Andrew Lewer is MP for Northampton South. He is founder and Chairman of the All Party Parliamentary Group for Independent Education,
Together with twenty other Conservative Members of Parliament I have written to the Prime Minister urging him to tackle the problem of student union political activism. While successive Conservative Governments have tackled the problems posed by trade union radicalism, student union leftist activism has been left relatively untouched.
Student unions are now at the forefront of the so-called culture wars, pursuing a narrow ‘social justice’ political agenda focused on tackling alleged ‘structural oppression’ in society.
Moreover, they seek to limit free speech on campus, variously by blocking the sale of certain publications, barring speakers or seeking to approve their speeches in advance, blocking the formation of free speech societies, preventing certain groups from participating in freshers’ fairs, and imposing excessive red tape to make it difficult to invite speakers of whom they disapprove.
Reform of student unions is central to implementing the Conservative Manifesto commitment to strengthen free speech in universities. Why this matters so much was underlined in a superb speech from David Davis on the crucial nature of free speech in universities in a Ten Minute Rule Bill earlier this week, citing Voltaire and the Bill of Rights.
Students themselves are alienated from student unions. Research shows that only around ten per cent of students vote in student union elections, with less than three per cent of students electing delegates to the National Union of Students (NUS), demonstrating the unrepresentative nature of that left-wing activist body. Judging by its social media activity, NUS’s main current focus is ‘decolonising the curriculum’.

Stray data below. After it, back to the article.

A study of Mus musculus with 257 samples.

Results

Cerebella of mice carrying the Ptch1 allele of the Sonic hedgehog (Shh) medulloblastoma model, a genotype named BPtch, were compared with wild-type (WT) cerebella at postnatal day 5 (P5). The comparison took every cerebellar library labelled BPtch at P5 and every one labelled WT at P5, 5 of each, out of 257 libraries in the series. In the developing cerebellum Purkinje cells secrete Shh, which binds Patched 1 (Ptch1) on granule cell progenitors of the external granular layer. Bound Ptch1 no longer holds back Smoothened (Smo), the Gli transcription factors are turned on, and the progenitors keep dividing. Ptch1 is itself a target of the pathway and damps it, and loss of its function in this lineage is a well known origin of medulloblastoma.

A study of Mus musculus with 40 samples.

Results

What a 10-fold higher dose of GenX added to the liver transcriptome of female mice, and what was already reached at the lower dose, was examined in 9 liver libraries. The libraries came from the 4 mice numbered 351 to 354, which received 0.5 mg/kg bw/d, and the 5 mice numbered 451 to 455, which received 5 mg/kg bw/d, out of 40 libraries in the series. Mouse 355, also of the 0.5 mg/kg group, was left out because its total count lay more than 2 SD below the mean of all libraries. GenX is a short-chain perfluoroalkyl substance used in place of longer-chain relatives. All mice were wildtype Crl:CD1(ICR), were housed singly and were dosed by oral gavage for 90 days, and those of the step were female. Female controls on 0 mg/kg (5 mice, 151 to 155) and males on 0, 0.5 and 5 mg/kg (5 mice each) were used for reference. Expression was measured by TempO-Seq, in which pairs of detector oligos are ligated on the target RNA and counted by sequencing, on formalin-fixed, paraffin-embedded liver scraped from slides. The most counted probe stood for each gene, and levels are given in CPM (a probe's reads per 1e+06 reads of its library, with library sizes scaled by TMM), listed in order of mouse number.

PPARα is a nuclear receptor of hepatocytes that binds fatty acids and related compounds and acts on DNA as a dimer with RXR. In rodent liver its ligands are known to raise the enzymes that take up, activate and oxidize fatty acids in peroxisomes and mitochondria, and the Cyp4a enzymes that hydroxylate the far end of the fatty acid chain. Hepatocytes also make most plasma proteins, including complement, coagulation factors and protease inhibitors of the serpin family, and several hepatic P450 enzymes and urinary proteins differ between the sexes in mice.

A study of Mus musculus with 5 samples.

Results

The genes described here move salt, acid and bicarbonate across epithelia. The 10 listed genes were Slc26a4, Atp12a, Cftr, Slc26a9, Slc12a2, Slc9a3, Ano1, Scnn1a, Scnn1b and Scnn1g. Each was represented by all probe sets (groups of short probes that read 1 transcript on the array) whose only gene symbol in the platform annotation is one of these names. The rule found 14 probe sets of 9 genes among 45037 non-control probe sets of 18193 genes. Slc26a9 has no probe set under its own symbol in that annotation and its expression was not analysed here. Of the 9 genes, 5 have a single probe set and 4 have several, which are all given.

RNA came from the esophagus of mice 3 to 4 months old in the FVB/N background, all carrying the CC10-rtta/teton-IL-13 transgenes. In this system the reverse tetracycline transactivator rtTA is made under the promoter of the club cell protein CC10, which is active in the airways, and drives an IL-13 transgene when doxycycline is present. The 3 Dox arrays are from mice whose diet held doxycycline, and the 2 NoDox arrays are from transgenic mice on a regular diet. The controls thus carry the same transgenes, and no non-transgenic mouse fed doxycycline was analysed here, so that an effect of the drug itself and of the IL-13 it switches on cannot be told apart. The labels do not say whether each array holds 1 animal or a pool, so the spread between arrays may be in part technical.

Of course, in some cases a higher turnout is achieved. For example a truly magnificent four per cent of students participated in last November’s election of NUS delegates at Cambridge University. It is abundantly clear that the vast majority of students have no interest in either the NUS or activist/political student unions, and resent being bullied and hectored by leftist student politicos.
It is inappropriate for taxpayers to have to foot half the £165 million bill for student unions, and for students themselves to be forced to pay the other half, given this kind of activity.
We should adopt a similar approach to that applied to trade union reform. Students should have to actively opt-in to become members of student unions and the NUS, and just like the strike ballot threshold, consideration should be given to a membership and election turnout threshold, which student unions should be required to reach before they can play any part in university governance.
There is a strong case for student unions being limited to supporting social and sports activities, as well as academic representation. Meanwhile, if any students wish to fund political activism or join the NUS they should of course be free to do so, but at their own expense and paying any subscriptions from their own pockets.
Students need to be freed from student unions and allowed to get on and enjoy their time at university without suffering constant political harassment. We very much hope that action will be taken by the Government as soon as Covid permits its attention to return to the domestic reform agenda.